12/15/2005 12:00AM

Riley Beaver goes for elusive bonus


Should Riley Beaver win the race, it will be a good deal richer. That is because Riley Beaver, a 2-year-old son of Baquero who races for Jack and Cookie Root, is eligible for a $30,000 bonus by virtue of having won the six-furlong OTBA Sales Stakes on Nov. 5. That bonus, which is funded by an annual auction of stallion shares on Oregon Championship Day, has been available for the last several years. It has never been claimed, however, because no horse has been able to win both the Sales Stakes and the Futurity. Can Riley Beaver be the first?

"I sure hope so," said Ben Root, who trains Riley Beaver for his parents. "I think he wants the distance, and I've done everything I can to get him ready. Now it's just a question of whether he is good enough and how the race sets up. He has no early speed, so he needs a fast pace in front of him. I'm hoping somebody can go out there and hook Tom Two so he'll come back to us in the lane."

Root is in a position to do more than hope that Tom Two, who figures to be favored in the Futurity, receives some early pressure. The trainer will saddle a total of five horses for the race. Besides Riley Beaver, he will send out Cascadians Cuttie, who ran second to Tom Two in both the Bill Wineberg and the Columbia River; Newberg Gold, who closed for third in the Wineberg; and the maidens Ann's Last Chance and King James Delivers.

"Both Cascadians Cuttie and Ann's Last Chance have good speed, and I think they can lay close without being hustled," said Root. "It would be nice if somebody else would go up and put pressure on Tom Two, but if it is going to be left up to me, I think I have the horses to do it."

Root believes Cascadians Cuttie is the most talented of his juveniles and probably has the best chance to upset Tom Two, but he thinks Riley Beaver has a legitimate shot.

"He probably should go off at around 5-1, at least in my opinion, and that means he is a contender," said the trainer. "He needs help, like I said, but he has trained into this race really well and he is bred to go long. It could happen."

Fully loaded for big day

Root figures to be busy all day on Saturday. In addition to his five Futurity starters, the trainer will saddle Delecana, Tracy's Nitemare, and Fettles Klan for the Jane Driggers Debutante for 2-year-old fillies, A Colt Named Sue for the Oregon His for 3-year-olds, My Emy My Amy for the Oregon Hers for 3-year-old fillies, and Stately Jack Flash for the Oregon Sprint Championship.

"I would think A Colt Named Sue gives me my best chance to win one of the Oregon-bred stakes, but My Emy My Amy should be very tough as well," said Root. "They are both coming off strong prep races, and they are both proven around two turns."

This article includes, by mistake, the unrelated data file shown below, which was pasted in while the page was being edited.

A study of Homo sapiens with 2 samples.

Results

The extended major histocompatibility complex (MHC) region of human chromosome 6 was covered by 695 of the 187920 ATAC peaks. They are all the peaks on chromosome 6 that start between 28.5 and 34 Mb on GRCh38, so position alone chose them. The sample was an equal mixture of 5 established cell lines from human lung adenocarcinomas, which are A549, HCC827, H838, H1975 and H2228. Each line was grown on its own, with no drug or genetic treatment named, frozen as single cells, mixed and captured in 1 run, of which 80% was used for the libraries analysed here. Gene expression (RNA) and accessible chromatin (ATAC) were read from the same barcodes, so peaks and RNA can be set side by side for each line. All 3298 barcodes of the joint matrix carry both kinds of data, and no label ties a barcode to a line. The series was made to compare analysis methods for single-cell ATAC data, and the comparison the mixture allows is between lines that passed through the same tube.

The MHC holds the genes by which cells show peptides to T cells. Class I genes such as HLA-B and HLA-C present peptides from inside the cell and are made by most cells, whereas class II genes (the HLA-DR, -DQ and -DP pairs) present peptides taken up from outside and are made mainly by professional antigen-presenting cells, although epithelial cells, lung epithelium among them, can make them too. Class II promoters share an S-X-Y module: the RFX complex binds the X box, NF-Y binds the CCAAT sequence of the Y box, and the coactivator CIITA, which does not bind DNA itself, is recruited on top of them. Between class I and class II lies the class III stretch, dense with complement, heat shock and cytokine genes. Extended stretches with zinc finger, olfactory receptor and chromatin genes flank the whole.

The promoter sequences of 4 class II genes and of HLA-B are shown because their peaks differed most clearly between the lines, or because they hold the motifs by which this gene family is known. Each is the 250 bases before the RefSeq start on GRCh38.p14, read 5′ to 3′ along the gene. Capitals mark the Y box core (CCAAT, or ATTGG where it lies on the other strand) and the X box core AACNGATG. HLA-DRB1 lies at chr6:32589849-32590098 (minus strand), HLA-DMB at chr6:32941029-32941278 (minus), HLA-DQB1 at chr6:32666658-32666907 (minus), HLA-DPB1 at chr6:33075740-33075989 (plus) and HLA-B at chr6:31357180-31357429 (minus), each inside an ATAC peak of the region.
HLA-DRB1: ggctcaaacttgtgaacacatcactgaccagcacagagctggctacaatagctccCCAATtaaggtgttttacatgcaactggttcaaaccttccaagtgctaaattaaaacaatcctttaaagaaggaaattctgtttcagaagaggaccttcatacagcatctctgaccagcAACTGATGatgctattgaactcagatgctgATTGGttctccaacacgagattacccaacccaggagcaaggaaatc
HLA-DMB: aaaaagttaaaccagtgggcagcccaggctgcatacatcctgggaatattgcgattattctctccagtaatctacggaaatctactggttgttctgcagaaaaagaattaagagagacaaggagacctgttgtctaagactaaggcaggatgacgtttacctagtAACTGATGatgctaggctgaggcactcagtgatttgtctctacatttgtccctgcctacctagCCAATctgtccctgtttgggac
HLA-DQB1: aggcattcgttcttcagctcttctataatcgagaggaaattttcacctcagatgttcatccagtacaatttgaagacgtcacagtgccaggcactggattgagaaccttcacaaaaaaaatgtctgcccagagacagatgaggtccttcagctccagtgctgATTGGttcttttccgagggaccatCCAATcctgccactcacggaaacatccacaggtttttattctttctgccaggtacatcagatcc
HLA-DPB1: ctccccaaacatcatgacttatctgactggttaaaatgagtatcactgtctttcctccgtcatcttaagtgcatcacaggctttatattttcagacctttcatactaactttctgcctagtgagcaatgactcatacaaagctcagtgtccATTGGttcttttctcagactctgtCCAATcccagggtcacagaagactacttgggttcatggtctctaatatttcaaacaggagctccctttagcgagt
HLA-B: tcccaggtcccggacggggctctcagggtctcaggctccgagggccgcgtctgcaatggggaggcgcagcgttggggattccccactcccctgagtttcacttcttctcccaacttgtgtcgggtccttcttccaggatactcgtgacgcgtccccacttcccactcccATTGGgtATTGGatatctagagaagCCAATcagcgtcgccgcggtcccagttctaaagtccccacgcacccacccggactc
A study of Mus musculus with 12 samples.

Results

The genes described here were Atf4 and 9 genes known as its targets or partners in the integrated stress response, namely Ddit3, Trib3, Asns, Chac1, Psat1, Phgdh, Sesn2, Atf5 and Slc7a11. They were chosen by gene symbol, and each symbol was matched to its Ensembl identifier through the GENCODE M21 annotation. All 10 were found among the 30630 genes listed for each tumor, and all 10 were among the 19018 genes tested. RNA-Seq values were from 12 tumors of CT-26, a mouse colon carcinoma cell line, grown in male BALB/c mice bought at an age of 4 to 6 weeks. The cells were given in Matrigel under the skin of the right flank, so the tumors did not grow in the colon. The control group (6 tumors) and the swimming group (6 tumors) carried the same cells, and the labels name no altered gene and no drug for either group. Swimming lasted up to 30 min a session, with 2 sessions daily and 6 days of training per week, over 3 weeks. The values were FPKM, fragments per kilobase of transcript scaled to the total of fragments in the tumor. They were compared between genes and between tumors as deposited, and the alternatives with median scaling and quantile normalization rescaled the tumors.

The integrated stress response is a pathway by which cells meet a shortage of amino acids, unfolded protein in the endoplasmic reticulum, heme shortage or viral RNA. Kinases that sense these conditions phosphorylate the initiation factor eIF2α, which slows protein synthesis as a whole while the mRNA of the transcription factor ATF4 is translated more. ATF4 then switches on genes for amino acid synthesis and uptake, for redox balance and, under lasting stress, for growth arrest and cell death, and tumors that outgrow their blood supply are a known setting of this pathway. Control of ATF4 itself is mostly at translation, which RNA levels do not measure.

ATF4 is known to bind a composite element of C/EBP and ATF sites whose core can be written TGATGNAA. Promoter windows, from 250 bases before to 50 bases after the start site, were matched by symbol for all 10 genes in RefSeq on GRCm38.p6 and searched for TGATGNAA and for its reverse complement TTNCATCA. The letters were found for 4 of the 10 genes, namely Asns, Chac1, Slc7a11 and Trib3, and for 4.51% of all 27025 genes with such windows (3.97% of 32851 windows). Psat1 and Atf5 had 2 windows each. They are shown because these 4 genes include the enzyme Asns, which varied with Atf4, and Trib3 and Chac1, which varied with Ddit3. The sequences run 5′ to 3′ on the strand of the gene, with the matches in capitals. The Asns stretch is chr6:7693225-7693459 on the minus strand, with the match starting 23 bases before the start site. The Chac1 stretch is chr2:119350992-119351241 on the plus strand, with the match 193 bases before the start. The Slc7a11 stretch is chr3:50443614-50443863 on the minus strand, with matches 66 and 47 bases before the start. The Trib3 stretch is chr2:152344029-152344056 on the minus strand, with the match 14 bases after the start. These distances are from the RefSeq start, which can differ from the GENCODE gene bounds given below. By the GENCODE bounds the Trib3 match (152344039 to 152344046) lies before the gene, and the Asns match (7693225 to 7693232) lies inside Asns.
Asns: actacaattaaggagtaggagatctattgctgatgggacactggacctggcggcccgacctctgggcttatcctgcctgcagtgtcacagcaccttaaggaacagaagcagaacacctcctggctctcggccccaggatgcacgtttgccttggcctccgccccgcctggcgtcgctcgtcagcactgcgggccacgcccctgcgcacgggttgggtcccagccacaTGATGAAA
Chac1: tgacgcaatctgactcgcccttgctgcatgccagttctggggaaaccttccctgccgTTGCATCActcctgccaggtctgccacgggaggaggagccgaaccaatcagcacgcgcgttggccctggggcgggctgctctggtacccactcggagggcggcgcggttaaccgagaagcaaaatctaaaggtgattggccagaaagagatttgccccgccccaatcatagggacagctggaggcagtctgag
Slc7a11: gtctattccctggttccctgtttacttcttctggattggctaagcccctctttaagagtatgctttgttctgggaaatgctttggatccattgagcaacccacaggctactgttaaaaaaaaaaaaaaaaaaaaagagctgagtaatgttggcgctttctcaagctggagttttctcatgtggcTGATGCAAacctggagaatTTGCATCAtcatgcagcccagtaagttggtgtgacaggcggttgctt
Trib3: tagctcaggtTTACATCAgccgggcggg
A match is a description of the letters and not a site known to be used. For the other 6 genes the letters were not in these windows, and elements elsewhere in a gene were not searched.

The trainer conceded that he would have to get lucky to win with any of his other entrants, but he noted that he won last year's Oregon His with Might E. Man, who was coming off a seven-month layoff.

"I thought I had good shots with some of my other horses, but Might E. Man was my only winner, and he was a big surprise," said Root. "You never know what will happen, and that's what makes it fun. Days like this are why I'm here, and I'm looking forward to it."

Family tradition on the line

Tom Two will be trying to follow in the footsteps of two of his older siblings when he goes in the Os West Oregon Futurity. His older sister Cyamaria won the rich race in 1999, and his older brother Tom Won was victorious in 2003.

Tom Two, who is by Free at Last and out of the outstanding broodmare Sushi Q., is also a half-brother to multiple stakes winner Yesss. He will outstrip the juvenile accomplishments of all of his siblings if he wins on Saturday. A victory in the Futurity would give Tom Two five wins from 11 starts at 2, pushing his earnings to almost $87,000.

"He isn't as big as his brothers and sisters, so I really didn't know quite what to expect of him," said Delmer Webb, who has trained all of Sushi Q.'s offspring. "He is quicker than his brothers and sisters, though, and so far he has been more durable. You would think he would be getting a little tired by now, but he has gotten stronger with racing. I hope he has one more good race left in him, and I think he has. Then it will be time for a break."

Emerald to race 91 days in 2006

The Washington Horse Racing Commission approved a 91-day 2006 season for Emerald Downs at its meeting on Wednesday. Emerald will race from April 21 through Oct. 1.

The track will operate on a Friday-through-Sunday basis through May, then add Thursday racing through the remainder of the meeting.